Office Christmas Party
Another reminder that allowing your cast to madly improvise instead of actually providing a coherent script with a scintilla of inherent logic often leads to…
"Tai-Pan" is the embodiment of those old movie posters where the title is hewn from solid rock and tiny figures scale it with cannons strapped to their backs, while the bosoms of their women heave in the foreground. It tells the saga of men who were larger than life, except for their brains, and of the women who loved them, lost them, left them, returned to them, double-crossed them, bore their children, oppressed their servants, and still found time to rend their hearts and their underwear.
The China Coast, 1842. The Chinese object, not unreasonably, to the British practice of buying opium from the Chinese and then selling it back to them for their silver. British warships are sent to pound the Chinese mainland, and then a treaty is signed giving England the right to operate Hong Kong as a free port.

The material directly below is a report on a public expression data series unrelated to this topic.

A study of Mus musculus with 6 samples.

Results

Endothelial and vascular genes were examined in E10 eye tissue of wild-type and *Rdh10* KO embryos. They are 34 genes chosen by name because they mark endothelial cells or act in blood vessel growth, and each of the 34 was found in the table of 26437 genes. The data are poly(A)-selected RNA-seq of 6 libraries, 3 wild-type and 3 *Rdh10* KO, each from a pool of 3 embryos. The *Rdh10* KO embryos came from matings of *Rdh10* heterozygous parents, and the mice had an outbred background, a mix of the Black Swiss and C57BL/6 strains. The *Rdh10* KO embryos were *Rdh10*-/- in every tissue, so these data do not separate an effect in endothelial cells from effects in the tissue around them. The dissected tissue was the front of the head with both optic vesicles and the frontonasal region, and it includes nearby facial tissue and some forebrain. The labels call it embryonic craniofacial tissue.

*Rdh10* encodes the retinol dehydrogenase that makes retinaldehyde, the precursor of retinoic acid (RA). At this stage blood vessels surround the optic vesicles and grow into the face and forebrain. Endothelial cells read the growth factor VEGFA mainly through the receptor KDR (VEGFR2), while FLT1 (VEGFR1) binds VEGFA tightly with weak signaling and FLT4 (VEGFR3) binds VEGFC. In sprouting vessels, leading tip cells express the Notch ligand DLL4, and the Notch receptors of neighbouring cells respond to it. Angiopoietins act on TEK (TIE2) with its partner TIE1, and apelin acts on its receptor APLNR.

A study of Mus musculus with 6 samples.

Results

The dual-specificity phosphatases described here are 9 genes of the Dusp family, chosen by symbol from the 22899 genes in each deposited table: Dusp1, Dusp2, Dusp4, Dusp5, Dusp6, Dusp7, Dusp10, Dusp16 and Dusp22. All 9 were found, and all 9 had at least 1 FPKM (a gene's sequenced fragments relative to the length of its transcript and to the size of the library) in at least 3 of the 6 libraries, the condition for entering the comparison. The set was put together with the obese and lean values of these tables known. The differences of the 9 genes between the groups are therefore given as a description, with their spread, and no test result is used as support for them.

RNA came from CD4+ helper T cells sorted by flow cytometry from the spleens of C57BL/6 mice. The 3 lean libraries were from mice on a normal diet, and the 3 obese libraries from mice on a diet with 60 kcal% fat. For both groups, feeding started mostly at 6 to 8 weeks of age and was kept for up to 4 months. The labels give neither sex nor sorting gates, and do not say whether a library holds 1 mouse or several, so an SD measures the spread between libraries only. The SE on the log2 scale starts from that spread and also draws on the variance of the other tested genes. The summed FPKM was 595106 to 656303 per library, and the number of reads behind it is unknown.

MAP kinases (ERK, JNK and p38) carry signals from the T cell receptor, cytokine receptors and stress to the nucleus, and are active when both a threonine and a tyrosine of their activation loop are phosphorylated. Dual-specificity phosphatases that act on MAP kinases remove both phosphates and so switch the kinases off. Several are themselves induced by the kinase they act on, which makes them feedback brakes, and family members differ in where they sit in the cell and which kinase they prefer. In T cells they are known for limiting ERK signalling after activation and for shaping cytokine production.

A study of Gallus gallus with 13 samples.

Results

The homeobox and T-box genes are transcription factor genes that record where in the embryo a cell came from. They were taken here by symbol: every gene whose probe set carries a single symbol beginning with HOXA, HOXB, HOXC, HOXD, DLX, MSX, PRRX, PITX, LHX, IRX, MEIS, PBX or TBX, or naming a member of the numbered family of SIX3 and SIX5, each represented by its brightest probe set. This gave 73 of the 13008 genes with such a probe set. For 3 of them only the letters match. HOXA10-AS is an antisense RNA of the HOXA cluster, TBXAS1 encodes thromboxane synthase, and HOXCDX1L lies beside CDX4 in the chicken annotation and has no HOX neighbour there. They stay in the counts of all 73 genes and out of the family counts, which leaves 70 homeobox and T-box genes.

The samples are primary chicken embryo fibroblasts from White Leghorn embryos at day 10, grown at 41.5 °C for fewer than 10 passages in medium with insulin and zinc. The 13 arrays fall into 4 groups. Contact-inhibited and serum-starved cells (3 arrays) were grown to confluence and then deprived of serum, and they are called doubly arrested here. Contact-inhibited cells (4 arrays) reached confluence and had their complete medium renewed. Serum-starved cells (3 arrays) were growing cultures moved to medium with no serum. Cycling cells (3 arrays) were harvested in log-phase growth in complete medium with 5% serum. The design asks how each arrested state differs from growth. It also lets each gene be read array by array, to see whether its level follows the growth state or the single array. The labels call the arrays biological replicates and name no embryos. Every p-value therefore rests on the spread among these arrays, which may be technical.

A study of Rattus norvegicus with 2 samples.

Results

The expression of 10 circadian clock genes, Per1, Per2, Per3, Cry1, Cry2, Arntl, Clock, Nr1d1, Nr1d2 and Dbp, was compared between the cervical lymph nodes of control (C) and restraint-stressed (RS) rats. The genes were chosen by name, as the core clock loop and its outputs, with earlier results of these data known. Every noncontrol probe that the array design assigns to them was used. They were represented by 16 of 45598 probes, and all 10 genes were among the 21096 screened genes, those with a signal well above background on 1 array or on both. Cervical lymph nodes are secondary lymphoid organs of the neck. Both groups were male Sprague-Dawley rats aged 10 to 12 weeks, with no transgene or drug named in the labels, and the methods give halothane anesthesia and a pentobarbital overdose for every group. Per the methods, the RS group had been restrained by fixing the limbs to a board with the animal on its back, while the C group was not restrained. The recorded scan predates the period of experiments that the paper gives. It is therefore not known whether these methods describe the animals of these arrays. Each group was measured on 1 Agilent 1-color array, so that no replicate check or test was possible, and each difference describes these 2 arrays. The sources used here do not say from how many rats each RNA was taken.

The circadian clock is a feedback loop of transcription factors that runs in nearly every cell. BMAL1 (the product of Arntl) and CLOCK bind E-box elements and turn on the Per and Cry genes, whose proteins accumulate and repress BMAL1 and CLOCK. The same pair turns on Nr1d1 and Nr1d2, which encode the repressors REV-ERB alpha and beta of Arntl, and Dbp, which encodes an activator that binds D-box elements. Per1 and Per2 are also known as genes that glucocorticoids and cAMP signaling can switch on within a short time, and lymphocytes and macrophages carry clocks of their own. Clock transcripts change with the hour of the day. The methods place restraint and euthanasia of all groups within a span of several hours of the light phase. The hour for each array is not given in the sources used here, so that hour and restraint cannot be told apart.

But who will control Hong Kong? Will it be Dirk Struan, the lusty buccaneer, or Tyler Brock, the sniveling cheat? Both are extraordinary men. For one thing, they do not age visibly during the several decades of their rivalry. The movie is a little cagey about its exact time span, but try to figure this out: Struan has two grown sons near the beginning of the story, and so he must be at least 40 or even 45 when the auction is held to sell the land on which Hong Kong will be built.
And yet he is still fit enough to fight a duel in the midst of a raging hurricane after principal construction has been finished on the original city. The women also hold up remarkably well - better than the buildings, which fall down around everybody's ears in the stirring climax.